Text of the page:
Reilly calls for Seanad debate on country of origin labelling
Sinn Féin Senator Kathryn Reilly has today called for a debate in the Seanad on country of origin labelling and the need to discuss the issue of substantial transformation.
Senator Reilly said:
“We are all aware of the breakout of EColi and the many deaths and hundreds of incidences of HCU that it has caused in Europe.
“While country of origin labelling is a requirement for beef, fruit and vegetables, it is not for pigmeat, poultry or sheepmeat.
“We should not have to wait for a food crisis to occur and I would ask that the Minister for Health and Minister for Agriculture come into the Seanad to discuss country of origin labelling and substantial transformation, which is not distinguished by the tariff nomenclature.
Speaking afterwards Senator Reilly said:
“Food labelling is the key source of information by which the consumer can determine which food to buy. Therefore food labelling must serve its primary purpose of informing the consumer. Consumers have a right to clear and understandable information on their food products and to know the origin of the food products that they are consuming.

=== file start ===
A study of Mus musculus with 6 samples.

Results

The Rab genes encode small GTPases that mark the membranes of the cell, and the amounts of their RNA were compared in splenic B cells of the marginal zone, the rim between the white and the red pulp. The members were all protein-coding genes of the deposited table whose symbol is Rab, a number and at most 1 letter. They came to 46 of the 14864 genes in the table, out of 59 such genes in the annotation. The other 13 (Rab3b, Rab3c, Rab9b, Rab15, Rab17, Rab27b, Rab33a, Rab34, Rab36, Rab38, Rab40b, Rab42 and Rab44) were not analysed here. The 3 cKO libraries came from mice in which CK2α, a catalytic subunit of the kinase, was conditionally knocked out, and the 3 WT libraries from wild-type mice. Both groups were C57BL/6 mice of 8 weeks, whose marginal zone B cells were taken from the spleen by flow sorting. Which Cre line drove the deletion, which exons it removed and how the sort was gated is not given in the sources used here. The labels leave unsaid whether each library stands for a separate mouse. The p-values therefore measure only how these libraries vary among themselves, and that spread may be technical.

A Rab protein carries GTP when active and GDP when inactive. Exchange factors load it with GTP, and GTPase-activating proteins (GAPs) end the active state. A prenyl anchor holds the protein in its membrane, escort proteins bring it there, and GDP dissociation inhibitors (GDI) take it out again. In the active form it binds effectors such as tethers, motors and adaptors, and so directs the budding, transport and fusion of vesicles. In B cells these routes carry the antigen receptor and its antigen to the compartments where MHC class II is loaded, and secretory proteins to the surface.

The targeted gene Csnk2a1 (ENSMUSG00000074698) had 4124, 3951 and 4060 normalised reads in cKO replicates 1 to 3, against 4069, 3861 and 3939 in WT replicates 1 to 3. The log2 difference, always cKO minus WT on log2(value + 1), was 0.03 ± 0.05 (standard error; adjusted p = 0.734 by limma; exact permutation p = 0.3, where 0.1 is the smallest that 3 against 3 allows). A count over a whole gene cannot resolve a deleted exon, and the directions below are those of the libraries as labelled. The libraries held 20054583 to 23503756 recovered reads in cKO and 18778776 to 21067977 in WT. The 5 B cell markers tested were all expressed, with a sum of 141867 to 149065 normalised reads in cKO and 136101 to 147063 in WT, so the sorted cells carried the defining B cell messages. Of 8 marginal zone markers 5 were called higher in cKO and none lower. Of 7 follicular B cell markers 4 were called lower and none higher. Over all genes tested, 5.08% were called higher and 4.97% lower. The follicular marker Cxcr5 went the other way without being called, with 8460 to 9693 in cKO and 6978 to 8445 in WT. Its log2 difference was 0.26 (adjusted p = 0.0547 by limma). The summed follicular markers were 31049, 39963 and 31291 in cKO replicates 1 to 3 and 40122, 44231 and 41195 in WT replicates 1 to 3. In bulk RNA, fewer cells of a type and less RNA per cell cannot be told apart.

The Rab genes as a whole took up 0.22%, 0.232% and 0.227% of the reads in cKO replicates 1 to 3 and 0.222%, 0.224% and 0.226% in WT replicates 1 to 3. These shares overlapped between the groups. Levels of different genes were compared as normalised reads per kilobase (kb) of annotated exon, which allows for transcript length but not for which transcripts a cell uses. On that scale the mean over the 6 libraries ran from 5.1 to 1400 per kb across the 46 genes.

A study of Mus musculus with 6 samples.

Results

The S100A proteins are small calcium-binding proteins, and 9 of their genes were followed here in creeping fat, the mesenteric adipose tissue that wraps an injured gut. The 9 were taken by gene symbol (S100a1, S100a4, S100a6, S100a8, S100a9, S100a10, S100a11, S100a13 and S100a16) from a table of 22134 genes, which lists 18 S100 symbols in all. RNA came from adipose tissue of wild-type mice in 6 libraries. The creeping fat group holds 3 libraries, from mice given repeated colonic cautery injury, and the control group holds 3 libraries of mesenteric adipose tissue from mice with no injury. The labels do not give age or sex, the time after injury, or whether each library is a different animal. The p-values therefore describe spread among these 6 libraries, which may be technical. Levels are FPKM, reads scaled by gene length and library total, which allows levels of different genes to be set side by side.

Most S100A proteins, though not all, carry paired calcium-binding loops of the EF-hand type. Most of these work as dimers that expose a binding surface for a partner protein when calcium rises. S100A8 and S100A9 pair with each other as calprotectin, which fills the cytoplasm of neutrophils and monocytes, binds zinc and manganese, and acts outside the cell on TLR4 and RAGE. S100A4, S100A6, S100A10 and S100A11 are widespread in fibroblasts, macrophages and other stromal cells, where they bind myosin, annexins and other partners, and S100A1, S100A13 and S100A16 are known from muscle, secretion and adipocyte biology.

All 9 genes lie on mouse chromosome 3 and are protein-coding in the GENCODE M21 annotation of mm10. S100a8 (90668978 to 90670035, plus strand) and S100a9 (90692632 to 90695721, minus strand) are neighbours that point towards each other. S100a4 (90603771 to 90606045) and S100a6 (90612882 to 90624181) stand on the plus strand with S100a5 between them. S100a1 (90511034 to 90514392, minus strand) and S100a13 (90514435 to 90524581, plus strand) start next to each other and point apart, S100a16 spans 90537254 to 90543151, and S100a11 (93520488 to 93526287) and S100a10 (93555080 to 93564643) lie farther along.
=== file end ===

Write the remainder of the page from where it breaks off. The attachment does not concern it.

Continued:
“The absence of definitive country of origin labelling means that many food products are able to masquerade as products of another origin, which leads not only to misinformation for the consumer but also to potential health risks.
“We have seen too many products being passed off as Irish because of ‘substantial transformation’ and this is a particular problem in relation to poultry, too much of which comes from sources which do not have the same quality and traceability requirements that are imposed on Irish producers.
“Compulsory country of origin labelling will be clearly in the interest of producers, distributors, consumers and the marketing of produce globally.
“Only when there is complete transparency in the food production system will we be able to mitigate against food crises and health risks. That is why I am calling on the Minister for Health and the Minister for Agriculture to examine this issue in serious detail.”